In fumbling about to create a clever name for this blog, I landed on a phrase from the famed Christmas poem, A Visit from St. Nicholas, by Clement Clarke Moore. Aside from Dickens’ A Christmas Carol, Moore’s poem probably did more to further the cause of Christmas consumerism than any single individual, though I seriously doubt that was his intention when he wrote the verse as a Christmas gift for his children in 1822.
Here’s a brief biography, excerpted almost in its entirety, from the Web site of the New York Institute for Special Education, of whose board Moore was a member in the mid-19th century:
Clement Clarke Moore was born on June 15, 1779 in New York City. The only son of Benjamin Moore, president of Columbia College and bishop of the Protestant Episcopal Church in New York, he graduated first in his class from Columbia College in 1798 and received his Masters degree from the same school in 1801.
From 1840 to 1850, Moore was a board member of the New York Institute for Special Education, then known as The New York Institution for the Blind. He is buried at the Trinity Church Cemetery and Mausoleum in Upper Manhattan, between Broadway and Riverside Drive. Charles Dickens’ son, Alfred Tennyson Dickens, is interred there, as are John James Audubon and John Jacob Astor.
Moore married Catherine Elizabeth Taylor in 1813, and settled with her in Chelsea, then a country estate outside New York City. Clement Moore is considered by some to be the savior of New York’s Greenwich Village for the anonymous 60-page pamphlet he wrote that argued against extending the orthogonal grid of the City’s streets into the Village. His arguments were persuasive enough to stop the grid at 6th Avenue and 14th Street.
Moore was a professor of classics at the General Theological Seminary in New York and wrote a most famous scholarly work on the lexicon of the Hebrew language. He is best known as the author of A Visit From St. Nicholas (better known as ‘Twas the Night Before Christmas), which he wrote in 1822 as a Christmas gift for his children.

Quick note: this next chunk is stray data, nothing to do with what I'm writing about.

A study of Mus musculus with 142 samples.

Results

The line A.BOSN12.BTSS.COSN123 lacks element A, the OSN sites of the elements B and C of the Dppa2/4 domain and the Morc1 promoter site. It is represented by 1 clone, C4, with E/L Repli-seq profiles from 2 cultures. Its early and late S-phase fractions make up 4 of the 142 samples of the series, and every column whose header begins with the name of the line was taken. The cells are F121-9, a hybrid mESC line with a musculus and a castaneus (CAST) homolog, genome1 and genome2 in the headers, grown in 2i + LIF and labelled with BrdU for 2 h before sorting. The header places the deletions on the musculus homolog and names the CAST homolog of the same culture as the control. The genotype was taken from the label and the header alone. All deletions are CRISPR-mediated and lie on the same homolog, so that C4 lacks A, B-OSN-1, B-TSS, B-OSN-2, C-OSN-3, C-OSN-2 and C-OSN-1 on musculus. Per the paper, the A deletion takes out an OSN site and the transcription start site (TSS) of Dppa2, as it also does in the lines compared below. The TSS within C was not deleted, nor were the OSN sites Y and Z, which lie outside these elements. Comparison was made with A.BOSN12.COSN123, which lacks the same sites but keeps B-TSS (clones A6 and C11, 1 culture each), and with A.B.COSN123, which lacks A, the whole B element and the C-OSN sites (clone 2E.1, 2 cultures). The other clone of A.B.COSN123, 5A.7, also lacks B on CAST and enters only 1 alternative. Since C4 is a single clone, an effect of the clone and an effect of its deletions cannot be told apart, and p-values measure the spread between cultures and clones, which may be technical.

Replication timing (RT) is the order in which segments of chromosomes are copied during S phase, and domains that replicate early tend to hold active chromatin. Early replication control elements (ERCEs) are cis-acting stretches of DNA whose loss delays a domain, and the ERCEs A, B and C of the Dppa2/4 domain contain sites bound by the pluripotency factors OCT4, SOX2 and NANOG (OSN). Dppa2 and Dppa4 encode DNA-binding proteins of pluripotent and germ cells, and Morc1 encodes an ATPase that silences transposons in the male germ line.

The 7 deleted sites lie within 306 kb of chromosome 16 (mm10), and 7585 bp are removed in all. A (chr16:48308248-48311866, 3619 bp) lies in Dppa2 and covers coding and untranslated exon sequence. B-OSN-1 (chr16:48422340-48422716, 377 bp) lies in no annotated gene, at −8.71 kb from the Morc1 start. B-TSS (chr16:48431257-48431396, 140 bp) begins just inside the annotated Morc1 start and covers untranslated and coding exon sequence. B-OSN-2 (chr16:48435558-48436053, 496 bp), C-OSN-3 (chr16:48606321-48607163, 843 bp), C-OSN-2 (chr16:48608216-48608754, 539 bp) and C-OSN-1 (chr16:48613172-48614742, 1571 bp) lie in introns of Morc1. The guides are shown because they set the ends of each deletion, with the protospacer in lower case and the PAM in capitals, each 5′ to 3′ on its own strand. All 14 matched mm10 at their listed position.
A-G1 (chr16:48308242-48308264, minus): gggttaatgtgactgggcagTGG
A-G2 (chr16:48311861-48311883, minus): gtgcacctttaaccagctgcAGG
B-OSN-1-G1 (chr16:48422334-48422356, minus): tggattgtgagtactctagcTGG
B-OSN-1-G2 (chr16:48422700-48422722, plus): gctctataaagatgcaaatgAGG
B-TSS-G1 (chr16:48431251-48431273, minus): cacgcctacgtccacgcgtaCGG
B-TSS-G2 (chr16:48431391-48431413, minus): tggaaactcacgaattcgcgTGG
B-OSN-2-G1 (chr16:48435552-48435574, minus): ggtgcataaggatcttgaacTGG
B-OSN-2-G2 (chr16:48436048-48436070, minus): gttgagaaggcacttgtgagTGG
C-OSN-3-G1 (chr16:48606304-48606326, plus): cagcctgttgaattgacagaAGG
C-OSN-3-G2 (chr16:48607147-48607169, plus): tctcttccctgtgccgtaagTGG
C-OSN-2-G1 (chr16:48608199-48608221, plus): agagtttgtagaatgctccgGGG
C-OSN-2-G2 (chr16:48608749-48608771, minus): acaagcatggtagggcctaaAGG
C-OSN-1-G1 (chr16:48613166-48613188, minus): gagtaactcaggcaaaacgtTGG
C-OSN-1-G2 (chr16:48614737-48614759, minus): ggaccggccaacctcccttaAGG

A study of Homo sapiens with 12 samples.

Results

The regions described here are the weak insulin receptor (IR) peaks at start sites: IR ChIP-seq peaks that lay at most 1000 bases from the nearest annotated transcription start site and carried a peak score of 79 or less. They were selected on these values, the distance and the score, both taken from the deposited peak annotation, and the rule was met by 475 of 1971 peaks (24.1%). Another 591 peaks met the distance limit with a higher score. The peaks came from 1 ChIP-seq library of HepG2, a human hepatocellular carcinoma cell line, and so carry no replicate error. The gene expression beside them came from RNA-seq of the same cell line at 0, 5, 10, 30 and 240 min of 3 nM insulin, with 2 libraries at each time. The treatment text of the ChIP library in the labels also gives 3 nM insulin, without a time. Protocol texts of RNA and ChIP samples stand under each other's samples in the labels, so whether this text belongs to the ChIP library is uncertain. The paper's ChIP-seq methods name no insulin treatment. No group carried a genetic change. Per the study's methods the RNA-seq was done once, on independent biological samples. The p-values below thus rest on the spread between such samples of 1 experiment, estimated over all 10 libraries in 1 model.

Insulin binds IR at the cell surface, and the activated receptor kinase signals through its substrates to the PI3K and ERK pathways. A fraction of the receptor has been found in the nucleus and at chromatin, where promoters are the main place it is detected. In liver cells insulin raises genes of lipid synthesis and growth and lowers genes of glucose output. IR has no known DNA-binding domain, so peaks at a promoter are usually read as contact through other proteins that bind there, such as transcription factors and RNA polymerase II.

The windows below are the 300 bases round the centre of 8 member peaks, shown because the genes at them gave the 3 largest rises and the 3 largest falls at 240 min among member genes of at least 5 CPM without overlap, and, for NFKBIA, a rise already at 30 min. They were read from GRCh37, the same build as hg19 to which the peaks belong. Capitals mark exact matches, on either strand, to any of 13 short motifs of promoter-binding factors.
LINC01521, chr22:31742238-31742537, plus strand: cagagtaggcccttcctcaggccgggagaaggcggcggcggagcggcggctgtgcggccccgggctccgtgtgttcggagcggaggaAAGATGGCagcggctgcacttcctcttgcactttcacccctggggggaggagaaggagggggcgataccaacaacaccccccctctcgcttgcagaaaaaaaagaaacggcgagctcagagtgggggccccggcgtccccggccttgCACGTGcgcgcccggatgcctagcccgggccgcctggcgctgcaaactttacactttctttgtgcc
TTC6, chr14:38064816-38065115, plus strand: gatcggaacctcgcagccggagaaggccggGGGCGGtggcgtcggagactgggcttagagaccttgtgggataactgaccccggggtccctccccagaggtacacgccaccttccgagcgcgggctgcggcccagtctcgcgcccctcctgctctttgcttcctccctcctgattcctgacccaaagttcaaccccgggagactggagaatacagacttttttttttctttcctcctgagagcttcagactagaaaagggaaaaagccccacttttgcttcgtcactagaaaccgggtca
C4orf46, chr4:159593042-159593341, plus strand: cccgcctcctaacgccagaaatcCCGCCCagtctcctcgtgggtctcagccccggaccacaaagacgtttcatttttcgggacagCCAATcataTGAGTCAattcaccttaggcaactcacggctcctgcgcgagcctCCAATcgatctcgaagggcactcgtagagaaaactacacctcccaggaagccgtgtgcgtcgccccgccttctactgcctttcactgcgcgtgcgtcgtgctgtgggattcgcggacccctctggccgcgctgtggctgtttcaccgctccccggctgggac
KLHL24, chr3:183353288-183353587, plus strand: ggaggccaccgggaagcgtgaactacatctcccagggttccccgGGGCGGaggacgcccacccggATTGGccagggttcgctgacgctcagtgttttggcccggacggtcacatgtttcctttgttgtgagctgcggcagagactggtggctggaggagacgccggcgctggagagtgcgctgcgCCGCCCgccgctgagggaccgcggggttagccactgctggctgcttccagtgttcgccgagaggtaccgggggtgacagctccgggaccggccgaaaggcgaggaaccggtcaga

A VISIT FROM ST. NICHOLAS
‘Twas the night before Christmas, when all through the house
Not a creature was stirring, not even a mouse;
The stockings were hung by the chimney with care,
In hopes that St. Nicholas soon would be there;
The children were nestled all snug in their beds,
While visions of sugar-plums danced in their heads;
And mama in her kerchief, and I in my cap,
Had just settled our brains for a long winter’s nap—
When out on the lawn there rose such a clatter,
I sprang from my bed to see what was the matter,
Away to the window I flew like a flash,
Tore open the shutters and threw up the sash.
The moon, on the breast of the new-fallen snow,
Gave a luster of mid-day to objects below;
When, what to my wondering eyes should appear,
But a miniature sleigh, and eight tiny reindeer,
With a little old driver, so lively and quick,
I knew in a moment it must be St. Nick.
More rapid than eagles his coursers they came,
And he whistled, and shouted, and called them by name;
“Now, Dasher! now, Dancer! now, Prancer and Vixen!
On! Comet, on! Cupid, on! Donder and Blitzen—
To the top of the porch, to the top of the wall!
Now, dash away, dash away, dash away all!”
As dry leaves that before the wild hurricane fly,
When they meet with an obstacle, mount to the sky,
So, up to the house-top the coursers they flew,
With a sleigh full of toys — and St. Nicholas too.
And then in a twinkling I heard on the roof,
The prancing and pawing of each little hoof.
As I drew in my head, and was turning around,
Down the chimney St. Nicholas came with a bound.
He was dressed all in fur from his head to his foot,
And his clothes were all tarnished with ashes and soot;
A bundle of toys he had flung on his back,
And he looked like a peddler just opening his pack;
His eyes how they twinkled! his dimples how merry!
His cheeks were like roses, his nose like a cherry;
His droll little month was drawn up like a bow,
And the beard on his chin was as white as the snow;
The stump of a pipe he held tight in his teeth,
And the smoke, it encircled his head like a wreath.
He had a broad face, and a little round belly
That shook when he laughed, like a bowl full of jelly.
He was chubby and plump—a right jolly old elf;
And I laughed when I saw him in spite of myself.
A wink of his eye, and a twist of his head,
Soon gave me to know I had nothing to dread.
He spoke not a word, but went straight to his work,
And filled all the stockings; then turned with a jerk,
And laying his finger aside of his nose,
And giving a nod, up the chimney he rose.
He sprang to his sleigh, to his team gave a whistle,
And away they all flew like the down of a thistle;
But I heard him exclaim, ere he drove out of sight,
“Merry Christmas to all, and to all a good night!”